Police body camera video showing an officer putting a hood over the head of Daniel Prude, on March 23, 2020, in Rochester, New York. Source: Rochester Police via Roth and Roth LLP

Daniel Prude died in March last year days after his arrest by police, who initially described his death as a drug overdose.

Police officers who put a hood over the head of a mentally distraught black man, then pressed his body against the pavement until he stopped breathing will not face criminal charges after a grand jury declined to indict them.

Daniel Prude, 41, died last March, several days after his arrest by police in Rochester, New York. Police initially described his death as a drug overdose.

The 23 March video of the fatal encounter was initially withheld by police in part because of concerns it would inflame street demonstrations occurring nationwide over George Floyd's death.

Ultimately released 4 September, it showed officers placing a mesh bag over Mr Prude's head to stop him from spitting after they detained him for running naked through the streets. Mr Prude had been evaluated at a hospital for odd behaviour a day earlier, but he wasn't admitted.

One officer pushed Mr Prude's face against the ground, while another officer pressed a knee to his back. The officers held him down for about two minutes until he fell unconscious. He was taken off life support a week later.

Attorney General Letitia James, whose office took over the investigation, said her office had "presented the strongest case possible" to the grand jury, but couldn't persuade it that the officers had committed a crime.

"I know that the Prude family, the Rochester community and communities across the country will rightfully be disappointed by this outcome," Ms James said.

She said she was bound to respect the grand jury's decision, but she also condemned a system that she said had "frustrated efforts to hold law enforcement officers accountable for the unjustified killing of African Americans."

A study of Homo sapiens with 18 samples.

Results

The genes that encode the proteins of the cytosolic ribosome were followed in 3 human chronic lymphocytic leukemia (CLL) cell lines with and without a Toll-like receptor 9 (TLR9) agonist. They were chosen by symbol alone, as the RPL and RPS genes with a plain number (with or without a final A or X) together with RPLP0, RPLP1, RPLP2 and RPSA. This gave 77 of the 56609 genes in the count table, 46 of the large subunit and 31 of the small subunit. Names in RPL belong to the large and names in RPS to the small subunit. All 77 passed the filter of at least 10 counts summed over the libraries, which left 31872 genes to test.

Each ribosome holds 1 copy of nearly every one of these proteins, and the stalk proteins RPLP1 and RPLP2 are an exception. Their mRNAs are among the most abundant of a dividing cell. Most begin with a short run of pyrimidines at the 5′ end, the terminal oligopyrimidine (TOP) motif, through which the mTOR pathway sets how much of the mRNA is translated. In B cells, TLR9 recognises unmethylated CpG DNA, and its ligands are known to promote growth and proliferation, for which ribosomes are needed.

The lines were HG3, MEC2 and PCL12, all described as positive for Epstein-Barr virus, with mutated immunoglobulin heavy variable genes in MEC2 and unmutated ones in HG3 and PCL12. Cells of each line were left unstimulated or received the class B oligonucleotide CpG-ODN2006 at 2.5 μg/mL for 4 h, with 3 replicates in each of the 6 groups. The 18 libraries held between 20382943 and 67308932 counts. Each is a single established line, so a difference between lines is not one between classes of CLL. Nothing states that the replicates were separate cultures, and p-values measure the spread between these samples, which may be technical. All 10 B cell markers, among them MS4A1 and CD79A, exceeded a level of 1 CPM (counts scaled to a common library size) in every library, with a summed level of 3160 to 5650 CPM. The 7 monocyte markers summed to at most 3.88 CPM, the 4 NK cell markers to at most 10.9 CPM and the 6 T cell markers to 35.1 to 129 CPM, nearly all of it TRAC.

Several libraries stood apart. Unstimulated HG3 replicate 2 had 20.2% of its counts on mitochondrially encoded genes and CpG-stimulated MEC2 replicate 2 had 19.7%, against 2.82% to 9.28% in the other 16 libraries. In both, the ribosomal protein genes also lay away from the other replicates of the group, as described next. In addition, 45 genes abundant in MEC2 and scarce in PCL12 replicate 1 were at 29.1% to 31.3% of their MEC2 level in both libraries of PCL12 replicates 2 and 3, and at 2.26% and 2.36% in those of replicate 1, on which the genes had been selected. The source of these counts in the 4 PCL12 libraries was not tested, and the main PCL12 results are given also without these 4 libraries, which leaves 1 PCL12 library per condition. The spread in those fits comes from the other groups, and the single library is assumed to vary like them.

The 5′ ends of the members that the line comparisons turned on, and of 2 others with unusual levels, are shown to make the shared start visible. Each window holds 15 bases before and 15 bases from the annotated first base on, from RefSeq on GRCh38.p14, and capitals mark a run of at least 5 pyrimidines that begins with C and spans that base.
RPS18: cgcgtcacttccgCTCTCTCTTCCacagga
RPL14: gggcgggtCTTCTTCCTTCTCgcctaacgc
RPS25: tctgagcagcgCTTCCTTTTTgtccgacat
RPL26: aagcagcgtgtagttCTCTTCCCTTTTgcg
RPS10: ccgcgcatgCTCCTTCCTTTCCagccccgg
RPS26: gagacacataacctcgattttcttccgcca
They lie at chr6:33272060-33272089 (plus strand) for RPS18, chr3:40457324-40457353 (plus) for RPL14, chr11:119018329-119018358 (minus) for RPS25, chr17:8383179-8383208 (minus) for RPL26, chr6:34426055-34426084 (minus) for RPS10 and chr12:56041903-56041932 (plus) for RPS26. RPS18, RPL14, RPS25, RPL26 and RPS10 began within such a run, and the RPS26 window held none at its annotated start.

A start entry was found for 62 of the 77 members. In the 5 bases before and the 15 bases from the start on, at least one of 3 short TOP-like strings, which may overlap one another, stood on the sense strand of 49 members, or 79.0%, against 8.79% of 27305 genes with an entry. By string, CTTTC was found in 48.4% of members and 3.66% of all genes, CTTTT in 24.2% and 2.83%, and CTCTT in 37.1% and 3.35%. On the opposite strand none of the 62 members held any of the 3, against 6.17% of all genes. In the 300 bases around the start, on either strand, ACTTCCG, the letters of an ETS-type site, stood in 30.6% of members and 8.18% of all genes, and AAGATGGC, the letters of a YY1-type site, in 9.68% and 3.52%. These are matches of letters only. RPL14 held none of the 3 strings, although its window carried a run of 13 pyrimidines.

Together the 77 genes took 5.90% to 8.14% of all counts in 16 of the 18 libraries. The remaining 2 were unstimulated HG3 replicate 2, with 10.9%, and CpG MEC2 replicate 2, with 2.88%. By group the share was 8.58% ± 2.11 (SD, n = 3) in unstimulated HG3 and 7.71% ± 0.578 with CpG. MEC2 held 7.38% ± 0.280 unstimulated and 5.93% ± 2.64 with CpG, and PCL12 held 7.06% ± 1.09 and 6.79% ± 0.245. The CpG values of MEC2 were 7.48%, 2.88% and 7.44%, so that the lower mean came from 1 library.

"What binds these cases is a tragic loss of life in circumstances in which the death could have been avoided," said Ms James, who, like the mayor of Rochester and the city's current and former police chiefs, is black.

"One recognises the influences of race, from the slave codes to Jim Crow, to lynching, to the war on crime, to the over-incarceration of people of colour: Eric Garner, Tamir Rice, Breonna Taylor, George Floyd. And now Daniel Prude," she said.

Lawyers for the seven police officers suspended over Mr Prude's death have said the officers were strictly following their training that night, employing a restraining technique known as "segmenting." They claimed Mr Prude's use of PCP, which caused irrational behaviour, was "the root cause" of his death.

The US Justice Department planned to review the attorney general's findings, according to a joint statement from its Civil Rights Division, the US attorney in western New York and the FBI.

Ms James also issued a report recommending, among other things, that officers be trained to recognise the symptoms of excited delirium syndrome, which can make people vulnerable to cardiac arrest.

The attorney general also called for communities to minimise or eliminate police responses to mental health calls and to find alternatives to the type of "spit sock" officers placed over Mr Prude's head. She said the mesh hood clearly added to Mr Prude's stress and agitation.

The county medical examiner listed the manner of death as a homicide caused by "complications of asphyxia in the setting of physical restraint" and cited PCP as a contributing factor.